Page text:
After avoiding all the iPad hype since its release on April 3rd, I felt it necessary to at least comment on the latest iPad “app” (if you can even call it an app).
In an effort to find useful real-world applications for the all-new iPad, a company called Maya has developed an application to allow cyclists to communicate their signals by strapping a $500+ iPad to their back while riding a bike.
This application is completely impractical – the turn signal doesn’t trigger until you lean into your turn, and the “stop” signal doesn’t trigger until you “sit up” on the bike.
At least the designers of the application admit that this is a “silly example of having fun with an iPad”. Wired.com seemed to take this ridiculous contraption seriously in its article on April 16th which led to 30,000 video views on that day alone.
Maya refers to this usage of the iPad as an example of “precycling”, whereby you find a useful purpose for the device for when it becomes worthless – and because they claim the iPad will only be worth $50 in two years, this is an example of something the “worthless” iPad could do.
This illustrates one of the reasons I will probably never buy an Apple product – the notion that you need to buy the latest Apple product every year if you want to be cool. It reminds me of the automobile industry where they convince consumers that for some reason they need to purchase a new automobile every 2 years – it’s completely ludicrous to think you need a new car every two years.
Corporations have become so greedy (and smart), because they have convinced the masses that they need to perpetually consume their products every year or two if they want to “keep up with the Joneses”.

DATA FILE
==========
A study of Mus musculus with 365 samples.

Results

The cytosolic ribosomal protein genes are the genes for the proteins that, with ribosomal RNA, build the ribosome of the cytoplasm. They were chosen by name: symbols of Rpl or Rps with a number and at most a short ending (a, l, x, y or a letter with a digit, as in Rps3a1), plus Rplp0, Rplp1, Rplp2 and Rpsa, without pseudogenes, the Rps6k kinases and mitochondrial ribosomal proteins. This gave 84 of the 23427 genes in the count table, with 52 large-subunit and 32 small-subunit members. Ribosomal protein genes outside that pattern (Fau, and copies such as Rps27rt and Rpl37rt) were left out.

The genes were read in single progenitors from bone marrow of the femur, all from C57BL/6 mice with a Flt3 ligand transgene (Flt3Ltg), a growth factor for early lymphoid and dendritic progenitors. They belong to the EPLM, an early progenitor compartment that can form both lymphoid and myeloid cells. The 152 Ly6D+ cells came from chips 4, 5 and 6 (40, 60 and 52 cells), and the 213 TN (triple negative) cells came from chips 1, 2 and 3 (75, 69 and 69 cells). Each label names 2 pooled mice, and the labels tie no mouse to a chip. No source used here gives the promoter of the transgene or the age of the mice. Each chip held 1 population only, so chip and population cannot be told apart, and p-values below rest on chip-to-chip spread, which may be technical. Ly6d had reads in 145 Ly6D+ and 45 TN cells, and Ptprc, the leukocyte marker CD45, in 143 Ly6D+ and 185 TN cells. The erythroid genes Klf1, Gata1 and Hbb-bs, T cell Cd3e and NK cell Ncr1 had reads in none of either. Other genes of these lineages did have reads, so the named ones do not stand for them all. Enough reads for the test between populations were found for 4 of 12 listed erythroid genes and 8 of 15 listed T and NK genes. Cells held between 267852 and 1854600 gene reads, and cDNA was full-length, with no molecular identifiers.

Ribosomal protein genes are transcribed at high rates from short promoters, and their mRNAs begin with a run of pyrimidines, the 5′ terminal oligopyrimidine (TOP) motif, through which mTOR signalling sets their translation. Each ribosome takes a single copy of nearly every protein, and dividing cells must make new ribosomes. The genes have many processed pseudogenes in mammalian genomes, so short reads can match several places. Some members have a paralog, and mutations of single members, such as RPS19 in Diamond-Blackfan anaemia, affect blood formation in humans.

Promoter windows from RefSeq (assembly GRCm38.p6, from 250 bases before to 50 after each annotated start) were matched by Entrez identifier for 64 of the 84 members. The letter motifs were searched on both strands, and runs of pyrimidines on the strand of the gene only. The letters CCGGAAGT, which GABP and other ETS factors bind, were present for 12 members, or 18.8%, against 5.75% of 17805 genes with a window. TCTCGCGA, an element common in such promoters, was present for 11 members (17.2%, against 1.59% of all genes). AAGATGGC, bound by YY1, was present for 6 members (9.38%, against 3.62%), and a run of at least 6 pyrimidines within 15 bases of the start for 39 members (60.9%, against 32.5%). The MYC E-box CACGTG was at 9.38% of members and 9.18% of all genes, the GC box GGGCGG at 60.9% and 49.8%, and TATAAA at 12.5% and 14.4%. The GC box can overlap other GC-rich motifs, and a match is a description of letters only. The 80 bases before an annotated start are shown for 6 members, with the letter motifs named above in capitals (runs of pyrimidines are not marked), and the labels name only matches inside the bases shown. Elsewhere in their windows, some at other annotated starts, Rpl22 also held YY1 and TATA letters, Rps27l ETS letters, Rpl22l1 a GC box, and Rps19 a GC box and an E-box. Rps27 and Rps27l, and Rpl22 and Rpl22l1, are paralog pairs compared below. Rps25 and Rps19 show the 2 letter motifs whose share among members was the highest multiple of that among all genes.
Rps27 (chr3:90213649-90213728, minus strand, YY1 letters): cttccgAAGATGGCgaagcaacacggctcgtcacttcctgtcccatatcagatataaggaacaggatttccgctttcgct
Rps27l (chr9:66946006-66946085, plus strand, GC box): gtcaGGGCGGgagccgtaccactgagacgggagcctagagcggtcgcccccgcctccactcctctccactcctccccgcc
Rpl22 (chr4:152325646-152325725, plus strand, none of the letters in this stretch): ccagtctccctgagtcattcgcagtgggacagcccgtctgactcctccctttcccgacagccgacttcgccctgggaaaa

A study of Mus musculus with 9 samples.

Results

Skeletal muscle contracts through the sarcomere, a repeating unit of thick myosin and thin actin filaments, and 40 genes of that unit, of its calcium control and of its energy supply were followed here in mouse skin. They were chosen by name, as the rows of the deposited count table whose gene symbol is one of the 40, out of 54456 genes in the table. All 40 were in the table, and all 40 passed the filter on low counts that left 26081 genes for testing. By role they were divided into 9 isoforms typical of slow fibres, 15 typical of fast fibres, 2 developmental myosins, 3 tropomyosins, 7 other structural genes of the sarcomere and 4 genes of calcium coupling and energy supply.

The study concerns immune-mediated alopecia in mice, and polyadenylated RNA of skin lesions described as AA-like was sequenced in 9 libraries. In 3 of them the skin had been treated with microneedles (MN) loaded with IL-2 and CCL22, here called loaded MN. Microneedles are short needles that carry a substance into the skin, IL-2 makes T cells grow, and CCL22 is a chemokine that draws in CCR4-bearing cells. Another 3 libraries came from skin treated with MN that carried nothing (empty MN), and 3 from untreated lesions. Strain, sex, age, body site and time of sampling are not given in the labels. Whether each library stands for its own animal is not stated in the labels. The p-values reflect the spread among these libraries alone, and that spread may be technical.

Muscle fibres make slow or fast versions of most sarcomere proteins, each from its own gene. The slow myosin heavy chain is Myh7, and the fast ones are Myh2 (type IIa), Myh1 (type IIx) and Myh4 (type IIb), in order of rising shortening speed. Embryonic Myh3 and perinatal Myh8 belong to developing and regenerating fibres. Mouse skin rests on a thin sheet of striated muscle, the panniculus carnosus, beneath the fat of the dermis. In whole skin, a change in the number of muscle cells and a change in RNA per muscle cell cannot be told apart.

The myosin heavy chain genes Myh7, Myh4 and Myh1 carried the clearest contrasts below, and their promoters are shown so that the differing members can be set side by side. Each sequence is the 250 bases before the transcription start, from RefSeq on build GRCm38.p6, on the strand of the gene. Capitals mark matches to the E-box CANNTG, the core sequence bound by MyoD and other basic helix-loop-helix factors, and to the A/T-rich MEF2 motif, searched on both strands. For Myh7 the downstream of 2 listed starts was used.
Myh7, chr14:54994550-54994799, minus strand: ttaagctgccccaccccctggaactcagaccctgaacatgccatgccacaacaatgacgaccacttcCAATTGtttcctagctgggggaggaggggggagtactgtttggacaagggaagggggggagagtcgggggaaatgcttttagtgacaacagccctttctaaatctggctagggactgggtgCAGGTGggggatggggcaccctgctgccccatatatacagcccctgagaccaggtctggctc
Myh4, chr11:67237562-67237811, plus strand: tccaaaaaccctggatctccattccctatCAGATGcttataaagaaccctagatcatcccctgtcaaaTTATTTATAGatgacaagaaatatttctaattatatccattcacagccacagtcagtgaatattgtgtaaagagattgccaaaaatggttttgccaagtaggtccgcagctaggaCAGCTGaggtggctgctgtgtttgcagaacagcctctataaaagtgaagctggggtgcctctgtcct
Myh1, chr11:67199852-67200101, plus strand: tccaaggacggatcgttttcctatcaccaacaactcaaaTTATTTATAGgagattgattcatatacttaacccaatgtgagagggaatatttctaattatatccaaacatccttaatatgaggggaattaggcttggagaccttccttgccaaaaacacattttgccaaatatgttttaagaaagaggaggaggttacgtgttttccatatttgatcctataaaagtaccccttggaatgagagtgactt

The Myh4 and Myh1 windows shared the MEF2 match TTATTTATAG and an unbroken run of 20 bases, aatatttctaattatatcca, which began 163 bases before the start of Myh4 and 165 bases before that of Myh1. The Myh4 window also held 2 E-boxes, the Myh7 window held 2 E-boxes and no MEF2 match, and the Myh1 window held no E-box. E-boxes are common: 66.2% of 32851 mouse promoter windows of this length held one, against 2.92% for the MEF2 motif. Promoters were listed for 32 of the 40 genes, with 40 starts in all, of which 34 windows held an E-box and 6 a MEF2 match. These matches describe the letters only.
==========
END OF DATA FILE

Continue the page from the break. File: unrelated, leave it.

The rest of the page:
(At least Apple has Moore’s law as an excuse for perpetual consumption – the auto manufacturers only have greed and bankruptcy as excuses).
Maya also provides a list of other hair-brained ideas that people suggested for the iPad:
- Put it on the front as a networked programmable t-shirt graphic
- Wear it with a group to have coordinated networked protest graphics when you go on your next march
- Give it to crossing guards
- Sell advertisement on people (afterall isn’t that how the world goes round?)
- Broadcast coordinated imagery across a crowd of people at your next big football game to make a giant mosaic on everyone’s t-shirts
- Hang an iphone with the camera pointing outward from your back and an iPad in a Sprocket Pocket on your front and you’ve got a window right through your body where the sun shines through
- Put one on the front and back of your shirt and use it as a touch, tilt, tag football game (remember by this time iPads sell for $1 and are disposable)
- Wear it on your hand and play hacky-sack pinball with a group of friends
- Mount it on your handlebars and have a GPS dashboard
This just about sums up the reasons why you won’t see me buying an iPad anytime soon.
James D. Schwartz is the editor of The Urban Country. You can contact James at email@example.com.
- Corporatocracy (Dec, 2006)
- Systematic Indoctrination and Manipulation of Society (May 2005)
- Exxon sets a new record (Jan 2006)
- Single-minded Inc. (May 2006)
Although it is completely useless – it is a clever idea. One that might prompt development of an actual, practical, useful turn signal using the accelerometer technology found in iPads. Pretty cool.
I don’t know if I agree Claire. I mean, people who have the intention to signal their turn will continue to signal their turns. These are the people who might use an application like this.
However, the people who currently don’t signal their turns aren’t the ones who would use this application, so I still don’t see any value in it.
I have nothing against using technology to improve certain things, but this is really stretching it… I think it takes away from the whole cycling experience.
If I wanted turn signals, I could easily add motorcycle-like turn signals to my bike. But there’s a reason I don’t.
OH no, I wasn’t suggesting it was a good idea for someone to strap an iPad to their backs instead of signaling your turns – but I see value in the idea. It would be interesting to see how the accelerometer (not the app) could be used or adapted in other ways.
I would never use it, and I don’t think it’ll ever catch on, but it does make me smile. It’s the ingenuity of the thing, not the thing itself. You know?
Oh, yeah there’s definitely some great opportunities to use that technology in other ways. Totally agreed Claire.